If I could only have six or seven games from the 16-bit era of gaming (1989 to 1995), Wiz n Liz: The Frantic Wabbit Wescue, would be put in the same cupboard as classics like Super Mario World, Sonic the Hedgehog 2, and SimCity 2000. This under-appreciated gem from Psygnosis, the folks who brought us Lemmings and would later go on to do the Wipeout Series, is an odd but charming little game for the Sega Genesis and Amiga that sees you running across the screen to catch rabbits and letters before the timer runs out. At the beginning, you only need to catch letters, but after a few rounds, you'll lose if you don't collect all the rabbits.
After the level is over, you can take the various pieces of fruit you've collected and mix them together for zany spells, such as all the rabbits turning different colors and bonus games, among other silly things.
Simple? Absolutely. Challenging? Very. Especially when you're running out of time, and there's that one last rabbit you need to escape the level. With your character moving at Sonic-like speeds, this can get really frantic.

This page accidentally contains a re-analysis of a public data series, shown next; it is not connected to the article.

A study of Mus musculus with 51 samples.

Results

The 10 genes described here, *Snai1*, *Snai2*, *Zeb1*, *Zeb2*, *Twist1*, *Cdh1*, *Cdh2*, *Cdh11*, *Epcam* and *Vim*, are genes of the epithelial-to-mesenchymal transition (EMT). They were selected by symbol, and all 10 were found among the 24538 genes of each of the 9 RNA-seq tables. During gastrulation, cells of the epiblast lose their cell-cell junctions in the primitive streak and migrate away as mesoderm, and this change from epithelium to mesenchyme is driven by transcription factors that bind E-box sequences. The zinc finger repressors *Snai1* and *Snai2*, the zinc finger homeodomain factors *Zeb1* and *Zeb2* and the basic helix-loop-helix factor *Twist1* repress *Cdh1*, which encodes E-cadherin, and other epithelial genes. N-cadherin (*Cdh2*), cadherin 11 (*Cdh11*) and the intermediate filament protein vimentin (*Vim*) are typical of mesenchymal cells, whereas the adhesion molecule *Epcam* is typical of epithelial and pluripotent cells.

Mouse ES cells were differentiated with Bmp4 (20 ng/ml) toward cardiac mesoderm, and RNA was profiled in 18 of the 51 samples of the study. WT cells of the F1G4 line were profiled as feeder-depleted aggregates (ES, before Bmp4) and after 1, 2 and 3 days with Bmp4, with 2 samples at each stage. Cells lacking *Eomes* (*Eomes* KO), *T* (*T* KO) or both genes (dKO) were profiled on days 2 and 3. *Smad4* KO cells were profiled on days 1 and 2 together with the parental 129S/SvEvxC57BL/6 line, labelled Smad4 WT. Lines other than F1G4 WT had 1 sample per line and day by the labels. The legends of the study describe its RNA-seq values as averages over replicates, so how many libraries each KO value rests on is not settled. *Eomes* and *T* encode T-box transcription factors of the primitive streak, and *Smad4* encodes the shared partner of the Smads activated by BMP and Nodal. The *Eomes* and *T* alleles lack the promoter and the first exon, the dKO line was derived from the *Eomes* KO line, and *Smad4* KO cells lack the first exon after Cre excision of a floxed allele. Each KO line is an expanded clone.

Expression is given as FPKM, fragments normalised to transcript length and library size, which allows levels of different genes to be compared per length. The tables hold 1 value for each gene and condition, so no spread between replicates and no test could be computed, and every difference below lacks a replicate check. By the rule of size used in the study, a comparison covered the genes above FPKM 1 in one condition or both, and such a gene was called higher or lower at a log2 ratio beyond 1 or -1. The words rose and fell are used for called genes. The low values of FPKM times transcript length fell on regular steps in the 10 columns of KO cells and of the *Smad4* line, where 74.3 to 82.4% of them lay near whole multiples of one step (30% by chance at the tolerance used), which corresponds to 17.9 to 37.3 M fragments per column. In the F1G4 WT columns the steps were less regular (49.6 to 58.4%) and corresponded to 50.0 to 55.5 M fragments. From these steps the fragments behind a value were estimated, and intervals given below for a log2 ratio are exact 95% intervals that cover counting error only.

I remember seeing this game advertised in the pages of Sega Visions magazine, but didn't pick it up until I was living in Pittsburgh a few months after graduating college. Instantly I was blown away. I shouldn've been surprised, as I loved Lemmings and Puggsy, two other games from the same company.
So what positive faith lesson did I take out of this simple game starring a wizard and his wife rescuing rabbits? For this, I look to the Gospel of Luke, specifically Christ's parable about the missing sheep.
In Luke's book of knowledge, Jesus tells us of a shepherd who would go looking for one sheep out of a 100, saying that heaven rejoices over one sinner repenting more so than 99 righteous people who aren't in need of grace. I thought of this Bible verse as I frantically scrambled for that last missing rabbit. In this game, it doesn't matter if you have 37 rabbits when the time runs out: If you don't have that 38th rabbit, you still lose. That missing rabbit is just as important as the rabbits you've already rescued.
There are other nice things to take away from this game. The fact that Easter is just a few days away and this game features a smorgasbord of rabbits! It's also a great two-player game that lends well to sitting on the couch with your friends or younger relatives (non-violent, another bonus for those with younger children). But the biggest thing for me is that reminder that we are all important to God.
And that's a nice thing to think about as we head into Easter. Christ died for that one sheep out of 100. And that 38th rabbit, not to mention that rotten person like me.